Pagans in Interfaith Dialogue
Half-baked, you might say.
Nothing could be further from the truth.
We live in a society in which information is communicated by the sound bite: the short, pithy, to the point, statement of fact. What makes the Jerry Falwells of the world so popular with the media is their ability to give short, scriptural answers to complex social questions. We here at the Parliament, as serious practitioners of our respective faiths, know that religion and spirituality are much more complex than that; that any spiritual path worth its salt is deeper than can be conveyed in a sound bite.
So it is with the questions asked by the BAIC and others.
Whom do we worship?
To us, the word "worship" implies submission to a higher authority. We do not submit to the Gods; rather we recognize Their greater power and wisdom and invite that power and wisdom to manifest through us in our lives. Our practices seek to make us one with the Divine. We find it in ourselves and each other. Under those circumstances, we honor and venerate the Gods, but few Witches would feel comfortable with a word like "worship."
To whom do we pray?
To most of us, prayer is seen either as a communing with an omnipotent being who will do what he wills regardless of the intent of the prayer or as a beseeching to that being to intercede on one's behalf. In contrast, most Witches achieve the same ends by magick, but magick is seen as an interaction between the Gods and the magician. The magician through the use of natural powers focused by will, may well be able to achieve the desired ends on his or her own (whether that is healing, a job, or whatever), but by opening to the Divine invites the appropriate Gods and/or Goddesses to lend their aid as well, accepting that the desired goal may be opposed by the Gods and the magical work come to naught.
What do we believe?
Neopagan Witchcraft may be one of the very few religious paths that does not require a leap of faith. The Craft never says "Believe, and then the miracles will happen." The Craft invites newcomers to learn and try traditional techniques for achieving a communion with the Divine. If you try them and they fail, you look elsewhere to fill your spiritual needs. But if you try them and they work, your experience of the Gods is a personal fact; no more a "belief" than is your knowledge that the sky is blue.
What is our Bible?
Many of our traditions (or denominations) have writings, called a Book of Shadows, that have been handed down to us. These writings do not contain the wisdom of the ancients; rather they are records of the practices that those before us used to communicate with deity. Sometimes our Elders have recorded what they experienced as a result. Each of us uses, changes, and adapts these practices to suit the needs of our times, and in turn records our insights for those who will come after.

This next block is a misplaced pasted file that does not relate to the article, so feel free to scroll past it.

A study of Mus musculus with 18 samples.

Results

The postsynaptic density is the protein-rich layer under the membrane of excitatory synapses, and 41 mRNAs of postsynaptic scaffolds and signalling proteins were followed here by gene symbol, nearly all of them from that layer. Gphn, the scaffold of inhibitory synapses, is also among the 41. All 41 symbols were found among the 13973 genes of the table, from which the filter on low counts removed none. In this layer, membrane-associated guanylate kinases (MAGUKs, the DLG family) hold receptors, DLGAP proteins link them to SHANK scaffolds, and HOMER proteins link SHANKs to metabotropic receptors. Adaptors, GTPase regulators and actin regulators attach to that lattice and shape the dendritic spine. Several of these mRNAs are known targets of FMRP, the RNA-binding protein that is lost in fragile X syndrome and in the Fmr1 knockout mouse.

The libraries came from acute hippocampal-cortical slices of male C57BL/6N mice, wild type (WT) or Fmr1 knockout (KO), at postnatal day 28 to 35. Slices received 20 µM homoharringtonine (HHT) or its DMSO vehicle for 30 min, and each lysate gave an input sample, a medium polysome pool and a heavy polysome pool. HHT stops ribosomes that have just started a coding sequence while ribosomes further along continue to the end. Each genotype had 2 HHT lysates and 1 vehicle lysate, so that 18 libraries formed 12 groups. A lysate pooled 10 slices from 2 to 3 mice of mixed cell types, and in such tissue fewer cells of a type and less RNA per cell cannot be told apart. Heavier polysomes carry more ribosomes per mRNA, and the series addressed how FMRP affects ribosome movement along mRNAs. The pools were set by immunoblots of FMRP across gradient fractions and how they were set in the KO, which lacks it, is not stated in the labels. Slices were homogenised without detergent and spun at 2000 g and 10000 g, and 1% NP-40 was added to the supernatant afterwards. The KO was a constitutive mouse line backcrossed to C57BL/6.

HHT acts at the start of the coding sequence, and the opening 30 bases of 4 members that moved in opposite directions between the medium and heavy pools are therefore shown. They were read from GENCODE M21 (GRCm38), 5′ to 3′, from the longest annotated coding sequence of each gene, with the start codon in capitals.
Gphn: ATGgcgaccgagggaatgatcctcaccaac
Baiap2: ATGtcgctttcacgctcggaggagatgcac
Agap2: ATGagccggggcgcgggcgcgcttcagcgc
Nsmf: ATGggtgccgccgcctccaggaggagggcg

But the experience of the Divine is intimate, personal. While I may learn from another's experience, mine will never be quite the same as theirs. And so, no matter how ancient the source or how honored the Elder, these writings do not carry the authority of scripture; they cannot carry such authority. To grant a traditional text such authority would be to say that this is it, the truth for all time. But we are a nature religion, and a fundamental truth of nature is that everything changes.
Where are our churches?
Someone asking this really means, "Where is there a building that I can go see?" Once again, a nature religion has a somewhat different view. Tony Kelly of Wales wrote:
Where are the Pagan shrines? And where do the people gather? Where is the magic made? And where are the Goddess and the Old Ones? Our shrines are in the fields and on the mountains, in the stars and in the wind, deep in the greenwood and on the algal rocks where two streams meet. (Pagan Musings, 1970)
Don Frew is a Wiccan Elder and High Priest of Coven Trismegiston in Berkeley, CA. He is a National Interfaith Representative for the Covenant of the Goddess and has been representing the Craft in interfaith work for over twenty-five years. He serves on the Board of the Interfaith Center at the Presidio, on the Global Council of the United Religions Initiative, and in the Assembly of the Parliament of the World's Religions. He is the founder and Director of the Lost and Endangered Religions Project, a non-profit group aiding marginal religious communities around the globe. For the past twenty years, Frew and his wife Anna Korn have traveled the globe investigating and studying texts and sites relating to the origins of the modern Craft movement. They have presented on the subject at Pagan conferences around the world.